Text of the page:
Sri Lankan elephants Sigiriya Antony Stanley

 

 

“You see the electric fence?”

 

My Sri Lankan driver Tilima points to pole-mounted wires running beside of the road we’re driving on.  “That is to shock the elephants.”  A few miles later Tili points to a bunch of boards nailed haphazardly to the branches of a tree at the edge of a rice field.  “You see that small house?  In the dry season, the farmers, they stay every night up in that tree.  If the elephants come the farmer throws fire crackers to scare them.”

 

I’ve only been in Sri Lanka for a couple hours but I’m already forming an opinion of its people as, well, less than humane.  Isn’t this place Buddhist, I think?  What happened to the whole do no harm thing?

 

But as the palm trees speed by and Tili tells me more, my opinion shifts.  He says in the dry season, wild elephants come into inhabited areas looking for food and water.  They can smell water up to 15 kilometers away and will travel for days for food.  Wild elephants do attack humans without provocation and Tili says each month in the dry season three or four people are killed.  With no natural predators, the Sri Lankan wild elephant population has doubled in less than 10 years, to about 6,000 at last official count.

 

In the dry season, people living at the edges of the jungle adjust their living patterns to stay safe.  Villagers rarely go outdoors after 6pm, even in vehicles, and electric fences are used to keep elephants out of the most populated areas.

 

Tili fills many more kilometers with dark tales of dangerous elephants.  When he feels I’ve been thoroughly warned, he moves on to other jungle threats.  “You will see two monkeys in this area”, he says.  “The brown one – that is the macaque.  He is dangerous – he will try to bite you.”  I nod my comprehension and Tili continues.  “The other monkey with the black face and the long tail is the gray langur.  He is also dangerous.  He will try to bite you.”  Tili looks back at me.  “Maybe he thinks you are fruit.”

 

Tili laughs at his own joke but he’s laughing on his own.  I’m busy replanning my three day itinerary so I don’t have to leave the back seat of his Nissan Sunny.

 

Tili is thorough so he covers snakes too.  He tells me that about a snake that lives in this part of the country – in the exact area I’m staying – that “if it bites you, you die in the instant – no chance.”

 

It’s Noah’s Ark reimagined as a horror film and I’m the college coed who doesn’t stand a chance.  Tili finally cues to my nervous silence.   He smiles reassuringly and says, “but now it is not the dry season so you will be fine.”

 

And then he suggests we do a wildlife safari the next day.

 

Tili is driving me to an eco-lodge at the edge of the jungle in Central Sri Lanka.  Our destination is only 200 kilometers from the international airport near Colombo but Tili tells me the trip will take six hours.  An hour into the trip I can see why.  We’re on the only route between Colombo and the much-visited Cultural Triangle, and this ‘highway’ is a two lane road.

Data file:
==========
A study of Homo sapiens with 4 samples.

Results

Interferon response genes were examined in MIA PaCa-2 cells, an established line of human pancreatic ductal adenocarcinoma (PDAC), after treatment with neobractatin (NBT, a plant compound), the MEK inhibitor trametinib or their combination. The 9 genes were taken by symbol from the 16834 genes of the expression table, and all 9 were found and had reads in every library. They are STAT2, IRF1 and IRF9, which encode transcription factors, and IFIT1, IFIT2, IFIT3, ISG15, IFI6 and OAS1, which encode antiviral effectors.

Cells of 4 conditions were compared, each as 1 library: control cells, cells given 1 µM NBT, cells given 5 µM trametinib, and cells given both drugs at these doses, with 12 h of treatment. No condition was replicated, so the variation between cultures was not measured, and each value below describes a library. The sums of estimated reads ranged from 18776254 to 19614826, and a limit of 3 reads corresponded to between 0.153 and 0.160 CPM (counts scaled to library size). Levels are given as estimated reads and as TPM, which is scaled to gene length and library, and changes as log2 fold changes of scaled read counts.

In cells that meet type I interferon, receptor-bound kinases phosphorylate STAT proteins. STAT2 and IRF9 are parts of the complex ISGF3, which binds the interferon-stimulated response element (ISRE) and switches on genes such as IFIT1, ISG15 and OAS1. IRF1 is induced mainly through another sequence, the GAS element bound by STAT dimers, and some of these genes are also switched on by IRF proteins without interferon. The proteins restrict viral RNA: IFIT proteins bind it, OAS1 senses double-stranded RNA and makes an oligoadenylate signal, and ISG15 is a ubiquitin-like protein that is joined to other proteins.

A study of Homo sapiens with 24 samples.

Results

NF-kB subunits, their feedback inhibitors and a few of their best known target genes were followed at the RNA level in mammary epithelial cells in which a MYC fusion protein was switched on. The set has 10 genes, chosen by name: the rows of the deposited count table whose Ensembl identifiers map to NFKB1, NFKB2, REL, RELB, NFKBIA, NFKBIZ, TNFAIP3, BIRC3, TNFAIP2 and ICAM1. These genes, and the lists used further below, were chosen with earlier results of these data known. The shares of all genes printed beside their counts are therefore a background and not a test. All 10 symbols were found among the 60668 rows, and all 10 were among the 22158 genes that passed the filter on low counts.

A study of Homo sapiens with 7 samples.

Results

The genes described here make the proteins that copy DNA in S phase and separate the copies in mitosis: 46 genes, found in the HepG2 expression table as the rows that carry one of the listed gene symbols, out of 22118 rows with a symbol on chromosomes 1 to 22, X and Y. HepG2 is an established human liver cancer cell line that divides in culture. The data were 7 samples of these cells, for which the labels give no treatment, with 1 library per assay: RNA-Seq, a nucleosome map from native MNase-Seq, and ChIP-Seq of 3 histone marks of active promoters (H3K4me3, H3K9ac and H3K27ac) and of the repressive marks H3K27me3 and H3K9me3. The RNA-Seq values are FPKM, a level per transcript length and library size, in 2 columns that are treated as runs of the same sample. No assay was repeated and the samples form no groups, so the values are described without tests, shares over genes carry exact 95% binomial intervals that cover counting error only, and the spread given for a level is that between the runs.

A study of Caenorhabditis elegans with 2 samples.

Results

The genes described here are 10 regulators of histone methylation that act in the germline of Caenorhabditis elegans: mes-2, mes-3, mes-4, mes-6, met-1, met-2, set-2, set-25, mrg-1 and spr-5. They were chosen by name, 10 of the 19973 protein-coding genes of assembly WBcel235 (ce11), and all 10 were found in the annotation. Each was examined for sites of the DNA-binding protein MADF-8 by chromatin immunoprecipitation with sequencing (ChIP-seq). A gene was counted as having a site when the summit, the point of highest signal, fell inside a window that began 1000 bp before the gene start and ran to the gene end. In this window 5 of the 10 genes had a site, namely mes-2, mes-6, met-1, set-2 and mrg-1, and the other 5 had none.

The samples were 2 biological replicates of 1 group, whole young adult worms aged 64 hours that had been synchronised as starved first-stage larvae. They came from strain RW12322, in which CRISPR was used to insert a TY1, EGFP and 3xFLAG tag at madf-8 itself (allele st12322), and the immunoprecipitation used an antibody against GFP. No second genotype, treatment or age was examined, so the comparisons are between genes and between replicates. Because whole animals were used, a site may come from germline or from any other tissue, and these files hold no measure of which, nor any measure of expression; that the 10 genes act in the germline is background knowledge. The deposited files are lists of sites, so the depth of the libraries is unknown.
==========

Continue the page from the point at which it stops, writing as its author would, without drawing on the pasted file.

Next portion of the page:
Traffic Jam Sri Lanka Aitor Garcia Vinas

 

You have to give it to the Sri Lankan drivers though.  They squeeze every millimeter of capacity out of those two lanes.  Cars use the shoulder on each side as two more travel lanes, only snaking back onto marked pavement when they are about to hit parked cars, children or other obstacles.  Infrequently, a short third lane is inserted in the center of the road so cars can pass slower trucks and buses.  But Sri Lankan drivers make their own luck, and every car-length gap on the opposite side of the road is a chance to get ahead.  I keep my eyes closed most of the time and trust that Tili will win at the endless game of chicken we’re in.

 

King coconuts on the highway from Columbo to Sigiriya Sri Lanka

 

On the day Tili and I do the drive, one of the two lanes of this interior highway is being resurfaced.  Crews of women in flip flops rake the red dirt in front of the paving machine like sweepers in a curling match.  At pinch points, police control an alternating single lane of traffic.  Waits are often at least 20 minutes, long enough to buy an ice cream from men on bicycles.

 

At one point, I ask Tili about Sri Lanka’s social programs so he will stop singing along quietly to Celine Dion.  He tells me that Sri Lanka has universal free health care, and that education is free for Sri Lankans all the way through university.   Post-secondary spaces are allocated to students with the best high school grades.  Tili says the government even pays for accommodation during university for students who successfully pass their first year.

 

Sri Lankans seem happy but not rich so I ask Tili about taxes.  How are they funding these social programs?  Tili says there are sales, income and property taxes in Sri Lanka.  His non-technical explanation – “the rich people, they pay more” – leads me to believe that taxation is graduated, and at least somewhat correlated to ability to pay.

 

Sometimes I do the talking because Tili is curious about my life in Qatar.  He tells me that a few months earlier he had actually accepted a job as a limo driver in Doha.  He signed the contract, completed the training and the tests, but then backed out right before he was supposed to fly over.  I ask why he changed his mind at the last minute.  “If I go for five years, I can have my own driving company here in Sri Lanka, just like my boss”, he said.  “But I like my job here, I like to be close to my family.  I think the money is nice but not worth leaving.”

 

I think about the generally racist, exploitative treatment of foreign labourers in Qatar – about as philosophically far away as you can get from happy, Buddhist Sri Lanka – and tell him several times that he made the right choice.

 

Elephant photo courtesy of Antony Stanley; traffic shot from Aitor Garcia Vinas.